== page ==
Ohio In Tens of Millions of New Funds, Innovative Agencies Integration

Addiction Treatment Industry Newswire
02/07/2015 –ATIN – The state of Ohio is maintaining its leadership role among the states in providing new monies and innovative programming for those who need help and are afflicted with the disease of addiction, according to published reports throughout the state. In an alliance between Ohio’s prisons administration and agency – like in most states the vast majority of inmates in Ohio have issues on some level with addiction – in what Ohio prisons chief Gary Mohr called a “revolutionary” arrangement, where there will be tens of millions in new funding, but most importantly the running of treatment programs in prisons will be shifted to the state’s mental health and addictions agency in a deal conceived and negotiated between Mohr and his counterpart at Ohio’s mental health and addictions agency Tracy Plouck, a deal that still needs to be approved by Ohio’s General Assembly in order to become law.

Success in the most Populous Counties

It’s doubtful Mohr and Plouck, as well as Gov. John Kasich who has given the plan his full backing and made addiction treatment a major priority of his administrations as governor, will have much trouble gaining approval for their plan given the success higher levels of funding and accessibility of treatment in the state’s most populous counties has had in reducing recidivism from those areas. The reason why Ohio’s prison population has continued to grow toward record levels is that those same programs are not, and have not, been available in rural counties to much of an extent. According to reports, the new funding will be mostly aimed at creating programs for those in less populated rural areas and the new monies, combined with the much greater efficiency of putting the prison system’s mental health and addictions in the hands of Plouck’s agency, which will give much more integrated dual diagnosis care and avoid many paperwork type redundancies, Ohio will likely avoid reaching new record levels of prison population that it had been expected to reach by 2017, according to published reports.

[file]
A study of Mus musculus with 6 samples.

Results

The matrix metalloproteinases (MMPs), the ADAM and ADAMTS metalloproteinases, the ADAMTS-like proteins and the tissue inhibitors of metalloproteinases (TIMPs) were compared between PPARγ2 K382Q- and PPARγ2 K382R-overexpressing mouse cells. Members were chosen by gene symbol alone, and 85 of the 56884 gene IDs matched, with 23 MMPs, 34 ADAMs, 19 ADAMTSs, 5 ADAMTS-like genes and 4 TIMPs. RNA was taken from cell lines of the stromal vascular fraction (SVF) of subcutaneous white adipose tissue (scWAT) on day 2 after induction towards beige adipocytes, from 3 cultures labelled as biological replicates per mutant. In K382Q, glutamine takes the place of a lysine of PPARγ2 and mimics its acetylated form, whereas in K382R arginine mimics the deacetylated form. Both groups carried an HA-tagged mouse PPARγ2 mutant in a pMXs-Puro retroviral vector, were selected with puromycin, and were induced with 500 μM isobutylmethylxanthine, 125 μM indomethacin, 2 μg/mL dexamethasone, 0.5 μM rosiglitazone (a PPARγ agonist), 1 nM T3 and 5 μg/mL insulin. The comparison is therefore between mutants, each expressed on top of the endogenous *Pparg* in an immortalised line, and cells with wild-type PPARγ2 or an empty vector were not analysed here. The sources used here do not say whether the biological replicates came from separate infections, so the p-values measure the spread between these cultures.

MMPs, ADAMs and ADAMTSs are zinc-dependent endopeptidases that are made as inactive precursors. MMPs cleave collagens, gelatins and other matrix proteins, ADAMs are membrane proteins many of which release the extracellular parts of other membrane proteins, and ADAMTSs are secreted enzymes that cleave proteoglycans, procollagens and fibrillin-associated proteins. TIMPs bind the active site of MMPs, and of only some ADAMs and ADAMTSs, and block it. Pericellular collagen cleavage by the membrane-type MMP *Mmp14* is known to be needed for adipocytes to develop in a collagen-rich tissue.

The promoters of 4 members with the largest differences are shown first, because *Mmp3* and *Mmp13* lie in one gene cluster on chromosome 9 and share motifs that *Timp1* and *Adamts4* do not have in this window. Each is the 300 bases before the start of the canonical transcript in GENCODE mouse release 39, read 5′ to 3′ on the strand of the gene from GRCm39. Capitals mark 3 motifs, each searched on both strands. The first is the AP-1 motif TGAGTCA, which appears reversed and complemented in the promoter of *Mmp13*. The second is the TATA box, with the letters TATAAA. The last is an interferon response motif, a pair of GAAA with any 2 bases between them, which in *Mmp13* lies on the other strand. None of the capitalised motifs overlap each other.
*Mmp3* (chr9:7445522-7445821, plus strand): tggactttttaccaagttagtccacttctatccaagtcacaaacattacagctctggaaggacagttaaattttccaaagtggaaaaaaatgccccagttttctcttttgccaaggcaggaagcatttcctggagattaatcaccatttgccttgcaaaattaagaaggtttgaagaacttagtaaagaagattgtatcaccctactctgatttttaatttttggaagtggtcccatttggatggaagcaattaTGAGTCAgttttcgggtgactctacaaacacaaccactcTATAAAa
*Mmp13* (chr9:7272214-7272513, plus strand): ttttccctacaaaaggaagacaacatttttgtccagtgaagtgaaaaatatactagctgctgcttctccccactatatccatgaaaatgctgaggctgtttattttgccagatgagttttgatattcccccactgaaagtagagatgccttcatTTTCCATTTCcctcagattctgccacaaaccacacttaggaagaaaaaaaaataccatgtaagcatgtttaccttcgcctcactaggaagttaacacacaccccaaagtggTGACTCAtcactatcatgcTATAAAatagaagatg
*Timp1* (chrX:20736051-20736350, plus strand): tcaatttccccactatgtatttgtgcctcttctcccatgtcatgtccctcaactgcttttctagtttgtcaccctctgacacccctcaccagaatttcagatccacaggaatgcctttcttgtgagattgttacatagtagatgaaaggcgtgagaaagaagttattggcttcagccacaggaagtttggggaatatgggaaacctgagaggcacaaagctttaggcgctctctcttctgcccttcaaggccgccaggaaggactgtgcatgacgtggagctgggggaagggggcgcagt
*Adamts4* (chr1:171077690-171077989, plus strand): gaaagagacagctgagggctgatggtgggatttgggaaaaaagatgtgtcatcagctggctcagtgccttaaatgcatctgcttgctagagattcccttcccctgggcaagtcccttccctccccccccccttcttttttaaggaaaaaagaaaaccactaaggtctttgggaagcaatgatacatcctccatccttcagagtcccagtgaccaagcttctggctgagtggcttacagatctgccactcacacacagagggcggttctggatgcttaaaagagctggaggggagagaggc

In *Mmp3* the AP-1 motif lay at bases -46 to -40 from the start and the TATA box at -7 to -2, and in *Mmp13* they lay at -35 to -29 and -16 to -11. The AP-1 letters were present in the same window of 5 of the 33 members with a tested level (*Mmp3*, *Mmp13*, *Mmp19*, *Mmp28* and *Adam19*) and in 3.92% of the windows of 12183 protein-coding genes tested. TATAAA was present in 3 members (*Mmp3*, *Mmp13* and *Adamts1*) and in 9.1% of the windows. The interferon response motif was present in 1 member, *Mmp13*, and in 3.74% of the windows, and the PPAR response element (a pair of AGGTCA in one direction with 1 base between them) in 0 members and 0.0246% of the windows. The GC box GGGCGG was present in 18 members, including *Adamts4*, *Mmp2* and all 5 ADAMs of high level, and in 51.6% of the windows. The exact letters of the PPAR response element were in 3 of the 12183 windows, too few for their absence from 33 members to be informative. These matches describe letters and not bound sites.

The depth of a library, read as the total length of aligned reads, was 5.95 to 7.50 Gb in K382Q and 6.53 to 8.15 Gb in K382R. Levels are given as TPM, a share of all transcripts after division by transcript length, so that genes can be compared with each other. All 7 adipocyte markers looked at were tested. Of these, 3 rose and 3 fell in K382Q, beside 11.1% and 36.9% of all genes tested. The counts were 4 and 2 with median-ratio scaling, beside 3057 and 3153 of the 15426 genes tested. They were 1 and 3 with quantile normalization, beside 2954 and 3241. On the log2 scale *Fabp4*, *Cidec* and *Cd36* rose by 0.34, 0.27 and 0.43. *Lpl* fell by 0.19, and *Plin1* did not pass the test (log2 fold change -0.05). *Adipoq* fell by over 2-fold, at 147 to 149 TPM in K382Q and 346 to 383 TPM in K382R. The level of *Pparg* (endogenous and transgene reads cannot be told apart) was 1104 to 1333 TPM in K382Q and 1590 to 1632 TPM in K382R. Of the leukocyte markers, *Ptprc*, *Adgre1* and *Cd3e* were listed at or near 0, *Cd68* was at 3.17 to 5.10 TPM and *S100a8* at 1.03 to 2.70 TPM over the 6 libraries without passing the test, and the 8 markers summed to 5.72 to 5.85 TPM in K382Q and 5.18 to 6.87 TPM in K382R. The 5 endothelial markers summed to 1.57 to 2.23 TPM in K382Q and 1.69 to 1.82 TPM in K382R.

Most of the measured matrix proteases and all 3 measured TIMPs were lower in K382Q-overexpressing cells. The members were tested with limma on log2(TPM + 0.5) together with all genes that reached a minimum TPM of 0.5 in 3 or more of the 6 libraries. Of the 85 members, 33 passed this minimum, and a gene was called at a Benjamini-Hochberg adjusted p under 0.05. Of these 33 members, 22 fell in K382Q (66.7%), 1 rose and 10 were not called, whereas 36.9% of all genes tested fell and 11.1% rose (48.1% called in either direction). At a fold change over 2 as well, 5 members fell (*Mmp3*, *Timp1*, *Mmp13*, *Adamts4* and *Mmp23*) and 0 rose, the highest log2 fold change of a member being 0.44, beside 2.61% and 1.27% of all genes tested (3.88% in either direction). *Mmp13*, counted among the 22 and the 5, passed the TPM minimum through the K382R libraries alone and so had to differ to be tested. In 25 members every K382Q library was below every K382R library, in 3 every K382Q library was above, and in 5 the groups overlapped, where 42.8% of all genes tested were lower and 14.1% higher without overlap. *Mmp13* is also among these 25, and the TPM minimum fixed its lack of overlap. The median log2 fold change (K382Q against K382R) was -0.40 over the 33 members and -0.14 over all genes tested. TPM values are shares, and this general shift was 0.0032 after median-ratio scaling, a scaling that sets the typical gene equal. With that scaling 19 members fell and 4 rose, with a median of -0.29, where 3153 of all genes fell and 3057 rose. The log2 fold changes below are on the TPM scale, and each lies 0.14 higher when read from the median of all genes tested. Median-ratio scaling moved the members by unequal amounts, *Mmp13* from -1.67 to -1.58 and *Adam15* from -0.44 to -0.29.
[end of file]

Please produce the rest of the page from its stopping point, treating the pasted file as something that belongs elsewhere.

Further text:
Continuum of Care

What has been occurring, and has had a highly negative effect on treatment success rates, according to the reports, is that long waits to get into programs have been occurring for those who have finished their sentences and who are often sent back to local jails for months at a time while they wait for beds to open up so they can continue with their addiction care. “We are wasting dollars and they’re stopping treatment when they are released,” Mohr told Cincinnati.com. Says, Stuart Hudson, Plouck’s number two man at Ohio’s mental health and addictions agency: “We were never able to accomplish what we wanted to do [previously], which was to achieve a continuum of care into the community.” Now, with the greater funding and the fact that funding will be able to be stretched much further due to the greater organizational and clinical quality that will be achieved by the integration deal struck by Mohr and Plouck, the most disadvantaged of those that suffer from the disease of addiction in Ohio will now have a much better shot at making it.